Those of us the in the veterinary industry are usually here because we love animals. As far as career choices go, there are many that offer better pay and hours, and far less physical labor and potentially risky situations. Any veterinary technician headed home at the end of a shift, with dog drool in her hair and cat fur on her scrubs, will tell you that she’s not in the job for the glamour.
While we share an undying love for our pet patients, working in a veterinary hospital can be an emotionally demanding career. Not every day is filled with successful treatment and happy endings. Sometimes caring too much can hurt, and compassion fatigue in veterinary medicine is a very real problem we deal with on a day to day basis.
Defining Compassion Fatigue in Veterinary Medicine
Our field is a noble one. Helping animals of all shapes and sizes appeals to a certain personality type. Driven, passionate, empathetic, and sometimes caring to a fault, your veterinary staff members are great people to have around.
These personality traits can have their downfalls, though. Our job, while often rewarding and fun, can have a dark side. On a daily basis we must grapple with death, suffering, and even suspected abuse in our pet patients.
Compassion fatigue in veterinary medicine is a result of our taking on the emotional burden of the sad and bad things that happen to our animal friends. It is a form of mental trauma, resulting in the dulling of the ability to feel and care for others in our lives.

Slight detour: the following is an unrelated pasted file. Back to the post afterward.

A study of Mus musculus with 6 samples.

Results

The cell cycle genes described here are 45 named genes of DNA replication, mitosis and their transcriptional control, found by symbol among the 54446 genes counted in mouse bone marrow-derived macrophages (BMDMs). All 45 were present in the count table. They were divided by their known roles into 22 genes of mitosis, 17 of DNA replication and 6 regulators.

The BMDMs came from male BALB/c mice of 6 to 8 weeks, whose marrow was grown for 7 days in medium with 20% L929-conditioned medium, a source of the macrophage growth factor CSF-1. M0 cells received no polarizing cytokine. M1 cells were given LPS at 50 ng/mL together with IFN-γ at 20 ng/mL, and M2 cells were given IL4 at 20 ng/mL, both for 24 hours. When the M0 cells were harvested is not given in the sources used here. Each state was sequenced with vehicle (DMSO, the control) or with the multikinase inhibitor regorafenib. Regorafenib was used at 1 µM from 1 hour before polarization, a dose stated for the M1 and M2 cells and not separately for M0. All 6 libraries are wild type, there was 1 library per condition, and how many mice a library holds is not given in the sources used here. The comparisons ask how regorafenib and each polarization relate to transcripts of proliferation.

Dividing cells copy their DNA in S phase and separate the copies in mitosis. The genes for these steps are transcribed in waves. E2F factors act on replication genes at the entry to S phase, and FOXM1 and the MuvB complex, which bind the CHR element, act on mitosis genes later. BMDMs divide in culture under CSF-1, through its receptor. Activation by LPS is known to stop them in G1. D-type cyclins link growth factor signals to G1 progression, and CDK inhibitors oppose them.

Compassion fatigue can result in feelings of sadness and isolation, making those in the veterinary profession at an increased risk of suicide. It is a problem that our industry is just now coming to better understand.
At Billings Animal Family Hospital, it is important to us to give emotional support to all of our team members. That is why we do our best to provide our staff with the resources they need to avoid compassion fatigue. It also drives our efforts to provide emotional support for our beloved clients as well.
Because we experience the emotional toll of veterinary medicine on a daily basis, we are in a unique position to understand and help our clients who are dealing with sadness, grief, and loss.
- Pet grief services for those needing support
- Pet grief workshops
- A pet loss library full of helpful resources
- A listening ear for those who need one
- Resources to celebrate your pet’s life
Please reach out to us should you ever feel the need to do so, or would like more information on compassion fatigue in veterinary medicine (or any other topic).
Sometimes talking about things is good for all of us, whether we realize it or not. Together, we can do better for our pets, but also for each other.